Raspberry plants are relatively easy to grow. If given proper care, they are also very productive. Important cultural practices include fertilization, watering, and weed, insect, and disease control.
Fertilization. Established raspberries should be fertilized in the spring before new growth begins. Apply 4 to 5 pounds of 10-10-10 or similar analysis fertilizer for each 100 feet of row. Uniformly broadcast the fertilizer in a 2-foot band. If the raspberries are mulched with sawdust or wood chips, apply a slightly heavier rate of fertilizer. Do not fertilize raspberries in late spring or summer. Late spring or summer fertilization encourages succulent, late season growth which is susceptible to winter damage.
Manure may be used as an alternative to commercial fertilizers. Apply 50 to 100 pounds of well-rotted barnyard manure (cow, hog, or horse) per 100 feet of row.
Irrigation. Adequate soil moisture levels are necessary throughout the growing season for good raspberry production. However, the most critical time for moisture is from bloom until harvest. Insufficient moisture during fruit development may result in small, seedy berries. Raspberries require 1 to 1 1/2 inches of water per week, either from rain or irrigation, from bloom until harvest.
Weed Control. Weed control in raspberries is necessary to reduce competition for water, nutrients, and sunlight. Cultivation and mulches are the most practical control measures for home gardeners. Cultivate the raspberry planting frequently during the spring and summer months. Small weed seedlings are relatively easy to kill. Large weeds are difficult to destroy. To prevent injury to the roots of the raspberry plants, don't cultivate deeper than 2 to 3 inches.
Mulches help to control weeds and conserve moisture. Possible mulching materials include straw, crushed corncobs, chopped cornstalks, sawdust, wood chips, lawn clippings, and shredded leaves. The depth of the mulch needed depends upon the material. The depth ranges from 3 to 4 inches for sawdust to 8 to 10 inches for straw. (When mulching red raspberries, apply the full depth between the rows. Within the rows, apply only enough mulch to control the weeds so new canes can emerge in the spring.) Since mulches gradually decompose, apply additional material each year.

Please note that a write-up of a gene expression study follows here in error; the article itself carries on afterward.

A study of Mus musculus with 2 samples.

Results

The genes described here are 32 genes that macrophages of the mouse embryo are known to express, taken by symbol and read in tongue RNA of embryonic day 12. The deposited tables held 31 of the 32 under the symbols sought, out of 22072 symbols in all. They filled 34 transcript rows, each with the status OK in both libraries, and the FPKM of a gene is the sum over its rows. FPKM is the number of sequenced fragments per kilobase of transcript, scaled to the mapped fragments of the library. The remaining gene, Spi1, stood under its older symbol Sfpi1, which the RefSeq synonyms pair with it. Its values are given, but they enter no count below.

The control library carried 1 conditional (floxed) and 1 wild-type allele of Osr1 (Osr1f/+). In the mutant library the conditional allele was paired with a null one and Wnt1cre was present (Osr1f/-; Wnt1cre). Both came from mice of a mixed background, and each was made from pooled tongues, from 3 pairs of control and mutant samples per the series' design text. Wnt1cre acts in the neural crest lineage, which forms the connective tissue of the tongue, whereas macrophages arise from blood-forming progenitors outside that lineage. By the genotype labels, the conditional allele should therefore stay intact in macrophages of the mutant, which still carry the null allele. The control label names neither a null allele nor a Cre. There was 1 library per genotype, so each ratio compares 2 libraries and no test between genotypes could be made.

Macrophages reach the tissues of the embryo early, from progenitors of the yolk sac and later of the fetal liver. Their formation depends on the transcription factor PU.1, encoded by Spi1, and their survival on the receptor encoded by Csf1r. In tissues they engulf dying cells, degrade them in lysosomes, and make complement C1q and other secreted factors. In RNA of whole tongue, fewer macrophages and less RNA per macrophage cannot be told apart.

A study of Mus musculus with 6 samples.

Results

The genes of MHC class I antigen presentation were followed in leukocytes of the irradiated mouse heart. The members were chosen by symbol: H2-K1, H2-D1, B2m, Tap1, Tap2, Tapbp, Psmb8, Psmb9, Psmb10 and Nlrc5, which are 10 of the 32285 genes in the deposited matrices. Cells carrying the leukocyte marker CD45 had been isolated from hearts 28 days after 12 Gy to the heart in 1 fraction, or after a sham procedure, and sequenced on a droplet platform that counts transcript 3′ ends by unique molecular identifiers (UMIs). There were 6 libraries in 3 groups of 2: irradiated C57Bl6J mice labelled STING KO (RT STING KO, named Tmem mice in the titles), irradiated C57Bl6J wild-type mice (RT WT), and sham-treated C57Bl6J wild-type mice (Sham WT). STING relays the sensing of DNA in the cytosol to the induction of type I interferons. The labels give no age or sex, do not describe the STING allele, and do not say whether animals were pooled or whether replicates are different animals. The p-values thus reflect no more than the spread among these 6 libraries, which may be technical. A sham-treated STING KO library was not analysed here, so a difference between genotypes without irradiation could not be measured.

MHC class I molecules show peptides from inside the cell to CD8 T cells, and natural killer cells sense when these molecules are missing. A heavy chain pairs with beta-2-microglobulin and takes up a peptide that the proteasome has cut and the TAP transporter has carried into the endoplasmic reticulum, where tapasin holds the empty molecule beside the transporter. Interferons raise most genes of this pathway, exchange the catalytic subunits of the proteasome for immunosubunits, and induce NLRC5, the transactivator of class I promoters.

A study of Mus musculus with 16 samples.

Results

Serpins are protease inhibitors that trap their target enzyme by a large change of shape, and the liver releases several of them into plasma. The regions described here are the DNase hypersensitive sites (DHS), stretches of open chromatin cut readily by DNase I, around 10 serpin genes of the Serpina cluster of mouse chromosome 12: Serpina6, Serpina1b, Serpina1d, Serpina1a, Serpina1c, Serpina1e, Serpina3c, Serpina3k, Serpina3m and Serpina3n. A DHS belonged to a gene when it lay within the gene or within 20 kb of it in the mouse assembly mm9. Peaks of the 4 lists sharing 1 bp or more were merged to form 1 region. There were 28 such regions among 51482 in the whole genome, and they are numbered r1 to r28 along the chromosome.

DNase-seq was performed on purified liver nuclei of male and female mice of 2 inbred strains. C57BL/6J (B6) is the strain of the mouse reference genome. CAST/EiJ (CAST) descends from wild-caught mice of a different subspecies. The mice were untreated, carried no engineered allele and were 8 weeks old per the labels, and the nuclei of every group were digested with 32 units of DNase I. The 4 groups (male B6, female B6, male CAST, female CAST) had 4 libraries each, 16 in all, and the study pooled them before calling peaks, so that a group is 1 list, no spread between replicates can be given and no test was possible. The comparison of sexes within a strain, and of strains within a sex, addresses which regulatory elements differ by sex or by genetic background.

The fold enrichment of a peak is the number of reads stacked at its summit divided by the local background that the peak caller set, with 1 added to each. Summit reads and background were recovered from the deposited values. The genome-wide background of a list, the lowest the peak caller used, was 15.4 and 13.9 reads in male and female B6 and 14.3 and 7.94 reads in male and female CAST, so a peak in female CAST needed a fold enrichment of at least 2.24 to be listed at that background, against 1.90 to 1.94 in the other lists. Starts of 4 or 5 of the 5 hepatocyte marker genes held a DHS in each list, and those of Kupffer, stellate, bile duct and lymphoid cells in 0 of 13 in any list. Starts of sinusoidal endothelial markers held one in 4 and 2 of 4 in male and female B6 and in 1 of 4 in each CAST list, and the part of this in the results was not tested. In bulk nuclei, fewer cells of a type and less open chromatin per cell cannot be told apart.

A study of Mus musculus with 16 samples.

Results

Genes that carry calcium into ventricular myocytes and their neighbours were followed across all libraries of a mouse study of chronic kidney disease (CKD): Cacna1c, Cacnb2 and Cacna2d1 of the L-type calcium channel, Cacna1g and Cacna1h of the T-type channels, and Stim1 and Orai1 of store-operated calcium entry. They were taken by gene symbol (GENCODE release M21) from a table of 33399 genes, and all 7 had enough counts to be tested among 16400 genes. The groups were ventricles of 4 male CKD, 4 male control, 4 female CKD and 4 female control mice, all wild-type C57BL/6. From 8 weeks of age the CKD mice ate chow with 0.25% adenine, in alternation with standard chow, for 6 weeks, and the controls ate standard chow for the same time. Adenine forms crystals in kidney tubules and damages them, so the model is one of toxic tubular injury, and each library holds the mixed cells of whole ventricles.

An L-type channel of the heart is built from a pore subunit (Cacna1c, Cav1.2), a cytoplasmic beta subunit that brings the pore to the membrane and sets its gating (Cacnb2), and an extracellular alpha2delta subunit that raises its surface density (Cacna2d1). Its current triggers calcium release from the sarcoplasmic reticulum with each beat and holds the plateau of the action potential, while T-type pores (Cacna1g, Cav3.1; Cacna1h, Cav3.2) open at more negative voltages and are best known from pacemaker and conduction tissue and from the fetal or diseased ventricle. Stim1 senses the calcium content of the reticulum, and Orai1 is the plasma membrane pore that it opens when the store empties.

Insect and Disease Control. Good cultural practices should help prevent many insect and disease problems. For example, pruning and removal of the old fruiting canes immediately after the summer harvest will remove potential disease inoculum and help control diseases. Also, maintaining red raspberries in a 1- to 2 foot-wide hedgerow helps insure good air circulation and penetration of sunlight. The narrow hedgerow should dry quickly after a rain, discouraging disease development. Apply pesticides when insects and diseases start to cause significant damage. Pest control recommendations can be found in Pm-175, The Home Fruit Spray Schedule.
This article originally appeared in the April 14, 1993 issue, pp. , 1993 issue, pp. 46-47.
Links to this article are strongly encouraged, and this article may be republished without further permission if published as written and if credit is given to the author, Horticulture and Home Pest News, and Iowa State University Extension and Outreach. If this article is to be used in any other manner, permission from the author is required. This article was originally published on April 14, 1993. The information contained within may not be the most current and accurate depending on when it is accessed.